Song of Solomon
How we cite our quotes:
They alone had a sense of adventure and were flagrant in their enjoyment of the automobile’s plushness. Each had a window to herself and commanded an unobstructed view of the summer day flying past them. […] In the back seat, away from the notice of Macon and Ruth, they slipped off their patent leather pumps, rolled their stockings down over their knees, and watched the men walking down the streets. (1.2.31)
Lena and Corrie’s big excitement is sitting in the car and looking out the window. This is as close as they get to forging their own paths in the world (until Corrie breaks free). Here we see them push the envelope of Macon’s rules by stripping off the clothes that confine them, but shedding their propriety. Though they don’t actually explore, they command the scenery that passes by, like an explorer commanding an expedition.
When Reba was two years old, Pilate was seized with restlessness. It was as if her geography book had marked her to roam the country, planting her feet in each pink, yellow, blue or green state. She left the island and began the wandering life that she kept up for the next twenty-some-odd years, and stopped only after Reba had a baby. (1.5.148)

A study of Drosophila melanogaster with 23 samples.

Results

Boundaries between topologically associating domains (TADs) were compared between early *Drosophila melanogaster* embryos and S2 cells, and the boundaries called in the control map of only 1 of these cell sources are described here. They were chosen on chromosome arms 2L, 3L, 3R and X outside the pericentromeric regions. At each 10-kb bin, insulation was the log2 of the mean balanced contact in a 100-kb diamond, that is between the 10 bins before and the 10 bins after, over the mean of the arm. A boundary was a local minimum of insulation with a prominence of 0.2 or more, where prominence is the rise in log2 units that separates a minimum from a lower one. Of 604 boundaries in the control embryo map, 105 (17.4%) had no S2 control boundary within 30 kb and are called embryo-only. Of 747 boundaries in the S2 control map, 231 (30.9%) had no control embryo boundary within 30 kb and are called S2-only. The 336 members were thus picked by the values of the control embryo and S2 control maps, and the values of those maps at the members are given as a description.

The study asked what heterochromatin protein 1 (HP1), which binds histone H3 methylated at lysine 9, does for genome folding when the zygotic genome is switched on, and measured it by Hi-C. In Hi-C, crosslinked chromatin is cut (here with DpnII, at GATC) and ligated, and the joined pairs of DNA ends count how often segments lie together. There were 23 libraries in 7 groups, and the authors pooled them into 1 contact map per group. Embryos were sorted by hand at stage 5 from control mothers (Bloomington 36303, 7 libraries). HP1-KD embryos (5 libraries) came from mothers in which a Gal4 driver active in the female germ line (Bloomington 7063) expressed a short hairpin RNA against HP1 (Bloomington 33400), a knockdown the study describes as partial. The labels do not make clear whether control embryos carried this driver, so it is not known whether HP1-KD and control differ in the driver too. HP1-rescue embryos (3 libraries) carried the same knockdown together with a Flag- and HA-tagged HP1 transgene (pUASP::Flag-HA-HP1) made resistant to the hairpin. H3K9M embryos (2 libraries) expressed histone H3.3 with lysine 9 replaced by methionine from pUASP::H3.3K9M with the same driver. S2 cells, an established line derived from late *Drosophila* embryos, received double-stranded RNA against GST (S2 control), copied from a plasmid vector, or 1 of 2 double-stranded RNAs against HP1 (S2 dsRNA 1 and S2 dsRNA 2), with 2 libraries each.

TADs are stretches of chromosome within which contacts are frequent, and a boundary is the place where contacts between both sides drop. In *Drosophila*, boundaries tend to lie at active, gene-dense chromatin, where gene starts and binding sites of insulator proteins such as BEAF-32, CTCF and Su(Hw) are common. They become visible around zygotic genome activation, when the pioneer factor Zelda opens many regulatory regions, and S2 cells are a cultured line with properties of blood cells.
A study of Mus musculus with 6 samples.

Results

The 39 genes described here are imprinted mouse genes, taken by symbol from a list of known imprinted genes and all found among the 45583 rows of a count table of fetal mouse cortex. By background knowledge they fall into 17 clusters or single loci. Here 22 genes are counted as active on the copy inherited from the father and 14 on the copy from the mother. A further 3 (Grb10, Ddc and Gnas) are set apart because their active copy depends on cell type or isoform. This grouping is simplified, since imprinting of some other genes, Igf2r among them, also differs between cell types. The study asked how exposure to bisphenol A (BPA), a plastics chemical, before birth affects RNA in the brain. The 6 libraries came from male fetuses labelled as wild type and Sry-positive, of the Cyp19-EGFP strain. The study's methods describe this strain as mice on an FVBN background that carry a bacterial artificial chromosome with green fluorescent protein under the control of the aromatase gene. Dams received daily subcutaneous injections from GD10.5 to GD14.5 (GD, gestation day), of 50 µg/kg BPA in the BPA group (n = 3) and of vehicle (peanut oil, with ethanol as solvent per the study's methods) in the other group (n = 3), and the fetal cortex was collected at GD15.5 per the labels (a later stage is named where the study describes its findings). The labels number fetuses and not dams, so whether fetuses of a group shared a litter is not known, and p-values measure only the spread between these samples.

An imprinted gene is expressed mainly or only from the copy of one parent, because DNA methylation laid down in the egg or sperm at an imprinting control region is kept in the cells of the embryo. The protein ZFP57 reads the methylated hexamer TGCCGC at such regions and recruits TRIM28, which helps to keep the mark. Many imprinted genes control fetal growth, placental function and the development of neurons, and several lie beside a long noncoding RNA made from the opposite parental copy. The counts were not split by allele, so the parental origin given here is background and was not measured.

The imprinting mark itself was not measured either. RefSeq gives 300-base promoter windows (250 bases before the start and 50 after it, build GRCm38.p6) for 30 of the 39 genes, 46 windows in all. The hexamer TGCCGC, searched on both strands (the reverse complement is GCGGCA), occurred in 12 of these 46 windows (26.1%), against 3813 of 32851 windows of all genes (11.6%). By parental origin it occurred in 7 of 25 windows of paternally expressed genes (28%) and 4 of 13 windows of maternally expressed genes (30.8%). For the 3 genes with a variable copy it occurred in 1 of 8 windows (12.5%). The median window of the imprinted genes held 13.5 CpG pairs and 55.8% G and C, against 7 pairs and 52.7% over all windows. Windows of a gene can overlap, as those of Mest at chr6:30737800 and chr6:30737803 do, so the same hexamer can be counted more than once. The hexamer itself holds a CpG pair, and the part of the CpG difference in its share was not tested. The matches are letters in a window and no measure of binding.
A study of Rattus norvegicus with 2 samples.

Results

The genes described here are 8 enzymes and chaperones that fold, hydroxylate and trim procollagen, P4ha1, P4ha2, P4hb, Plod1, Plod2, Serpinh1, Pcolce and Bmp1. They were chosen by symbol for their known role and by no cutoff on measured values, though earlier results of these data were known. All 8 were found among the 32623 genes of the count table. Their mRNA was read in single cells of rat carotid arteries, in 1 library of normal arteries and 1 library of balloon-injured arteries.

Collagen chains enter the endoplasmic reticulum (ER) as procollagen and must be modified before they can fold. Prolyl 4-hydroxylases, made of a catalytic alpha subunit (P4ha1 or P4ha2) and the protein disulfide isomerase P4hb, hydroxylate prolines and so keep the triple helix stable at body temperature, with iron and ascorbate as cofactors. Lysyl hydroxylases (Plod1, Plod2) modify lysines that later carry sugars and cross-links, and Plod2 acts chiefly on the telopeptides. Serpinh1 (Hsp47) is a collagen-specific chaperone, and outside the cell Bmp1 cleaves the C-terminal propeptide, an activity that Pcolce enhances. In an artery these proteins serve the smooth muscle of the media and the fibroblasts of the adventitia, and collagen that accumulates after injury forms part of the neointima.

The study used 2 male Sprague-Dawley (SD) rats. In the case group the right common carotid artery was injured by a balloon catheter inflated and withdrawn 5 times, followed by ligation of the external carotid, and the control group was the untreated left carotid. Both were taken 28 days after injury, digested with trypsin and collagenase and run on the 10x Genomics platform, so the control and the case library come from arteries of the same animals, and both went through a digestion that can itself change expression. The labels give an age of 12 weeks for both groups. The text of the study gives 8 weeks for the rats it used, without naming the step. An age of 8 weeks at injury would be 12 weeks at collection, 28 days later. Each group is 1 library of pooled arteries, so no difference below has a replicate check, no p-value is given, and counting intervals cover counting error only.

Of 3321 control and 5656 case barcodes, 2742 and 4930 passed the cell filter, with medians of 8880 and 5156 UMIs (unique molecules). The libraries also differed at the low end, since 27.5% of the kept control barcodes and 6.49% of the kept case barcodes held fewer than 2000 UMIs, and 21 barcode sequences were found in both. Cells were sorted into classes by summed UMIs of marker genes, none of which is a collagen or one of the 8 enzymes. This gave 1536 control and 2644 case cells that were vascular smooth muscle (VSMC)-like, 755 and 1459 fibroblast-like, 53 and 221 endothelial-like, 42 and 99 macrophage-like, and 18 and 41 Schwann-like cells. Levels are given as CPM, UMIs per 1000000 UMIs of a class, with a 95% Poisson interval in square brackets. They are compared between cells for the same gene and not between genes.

Pilate loves geography, and we have to imagine that throughout all of these travels, she meets a lot of people. And even if she is ostracized for her lack of bellybutton, she surely encounters the outcasts of society wherever she goes. In this light, it’s amazing that Pilate says in her final moments that she wishes she could have known more people. At this moment, we see her explorer self has never left, and that her reasons for exploring have to do with wanting to spread the love.
Throughout the fresh, if common, pursuit of knowledge, one conviction crowned her efforts: since death held no terrors for her (she spoke often to the dead), she knew there was nothing to fear. (1.5.149)
Pilate’s a good explorer because she laughs in the face of danger. She explores life in the same way that she explores herself.